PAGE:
Abortion: nine questions that baffle me

A civil war is about to break out in Ireland. Over the next five weeks, people will be swearing at their TV sets, sometimes swearing at each other, shouting insults, waving placards. We will show every sign of being adults who haven’t managed to grow up. I’m talking, of course, about abortion.

Or more strictly, the repeal of the Eighth Amendment of the Constitution in the south of Ireland. If repealed, this will lead to the availability of abortion on demand up to twelve weeks of pregnancy. As for the future, there’s a general feeling that this time period will be extended, certainly if we compare the southern state with other countries. But the civil war will be about the provision on demand of abortion up to twelve weeks.

Thousands, maybe millions of words will be spent on this topic in coming weeks, but the civil war will come down to a simple and clear issue: is the being inside a woman a human being, or is it a cluster of cells, or is it something else again?

Unlike most people I talk to, I’m a bit confused on this topic. So here are some questions, the answers to which will perhaps clarify things. And please don’t tell me I’m asking the wrong questions, or that my questions are skewed, or loaded, or stupid. They’re my questions, the best questions I can come up with, so if you think they’re rubbish maybe head off and read the Sunday papers instead.

  1. Some people say that human life begins at conception, some say that doesn’t happen until a later date. I can understand the moment-of-conception idea but I’m unclear about the later-date idea. So my question is: if human life doesn’t begin with conception, at what point does it begin?
  2. It is reasonably clear that a considerable number of people believe that they are not taking human life when they have an abortion. Since that is so, why do people talk about having an abortion as something that requires much thought and heart-ache? We don’t have much thought and heart-ache if we have our tonsils or appendix removed.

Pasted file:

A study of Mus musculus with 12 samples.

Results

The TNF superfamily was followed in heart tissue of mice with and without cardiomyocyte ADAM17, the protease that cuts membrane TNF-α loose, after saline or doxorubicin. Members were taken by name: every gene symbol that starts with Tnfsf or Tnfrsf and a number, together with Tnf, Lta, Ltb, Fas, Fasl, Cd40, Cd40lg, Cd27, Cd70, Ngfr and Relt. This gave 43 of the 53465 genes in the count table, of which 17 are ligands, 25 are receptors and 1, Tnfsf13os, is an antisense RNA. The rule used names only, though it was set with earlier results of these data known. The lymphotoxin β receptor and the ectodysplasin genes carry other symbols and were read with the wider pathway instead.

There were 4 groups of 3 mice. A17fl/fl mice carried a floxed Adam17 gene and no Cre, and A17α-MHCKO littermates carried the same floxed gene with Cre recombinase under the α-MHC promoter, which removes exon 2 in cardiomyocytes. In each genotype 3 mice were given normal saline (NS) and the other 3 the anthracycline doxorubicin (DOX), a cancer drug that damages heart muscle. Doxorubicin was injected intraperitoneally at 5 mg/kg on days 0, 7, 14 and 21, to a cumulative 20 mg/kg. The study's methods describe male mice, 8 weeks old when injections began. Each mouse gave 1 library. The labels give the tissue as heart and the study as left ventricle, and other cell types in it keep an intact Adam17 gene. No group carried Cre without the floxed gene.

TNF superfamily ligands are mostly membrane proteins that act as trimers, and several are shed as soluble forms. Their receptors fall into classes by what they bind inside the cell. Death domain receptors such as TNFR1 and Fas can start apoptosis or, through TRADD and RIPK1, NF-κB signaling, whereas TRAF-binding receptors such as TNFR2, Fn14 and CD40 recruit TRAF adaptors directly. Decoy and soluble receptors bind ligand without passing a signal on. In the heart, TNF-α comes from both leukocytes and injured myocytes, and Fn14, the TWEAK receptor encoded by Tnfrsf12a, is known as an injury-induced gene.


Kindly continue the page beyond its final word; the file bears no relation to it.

3. Why do some people get very angry when images of aborted foetuses are displayed? Normally speaking in coming to a decision, we try to imagine clearly what our actions involve and the consequences of those actions. Why is abortion an exception to this rule?
  4. If a foetus in the early stages is not a human being, what is it? I have heard the response that it is a “potential human being”, but this doesn’t answer the question. Potential points to what it might become. What is it now?
  5. In some ways, abortion is a personal action – the woman carrying the foetus/baby makes a personal decision to get rid of it. But in another sense, this is a societal question: the people of the south are thinking of changing the law that will govern everyone in society. And as John Donne put it in his sexist way “No man is an island.” As a society the south is clearly divided on this subject. A lot of people say that this is a human being, and we shouldn’t take actions that will destroy that human being. Others say it’s not a human being, and the woman is entitled to do what she wishes with this non-human being. So as a society we are uncertain – some say it’s human and we mustn’t take actions that destroy that life, others say it’s not human and we should be allowed to destroy it if we wish. If as a society you’re unsure, does voting to repeal the Eighth make sense to you? Or more important, to what is inside you if you’re a  pregnant woman?
  6. Is there a sillier slogan than “I Trust Women”? You might try “I Trust People With Red Hair” or “I Trust Tyrone People”. If the absurdity of such statements aren’t obvious, you probably shouldn’t be allowed out on your own.
  7. The question of abortion is one on which, as a society, Irish people disagree. Some passionately believe  it involves the taking of human life, others believe passionately that it involves no such thing. Is it fair to say that, as a society, the south is in a state of uncertainty regarding this matter? 
  8. Imagine a group of people who enjoy shooting. Every Thursday night, they gather at a shooting range and let fly at a series of targets, then count up their scores. They arrive one Thursday evening and around half the group declare passionately that they believe there are children crouched behind the targets, and hitting a target will inevitably mean hitting the crouched children. The other half say this is bunkum, there are no children there, anyone who wants to should just  go ahead and have their usual shooting match. As a group of people, should they just fire away and ignore the claims of the there-are-children proponents, or would it better,since they’re unsure,  if the group played safe and  went off for a few jars  instead?
  9. Final question:  why is it that some people get really angry and insulting when they come on people who don’t see things their way?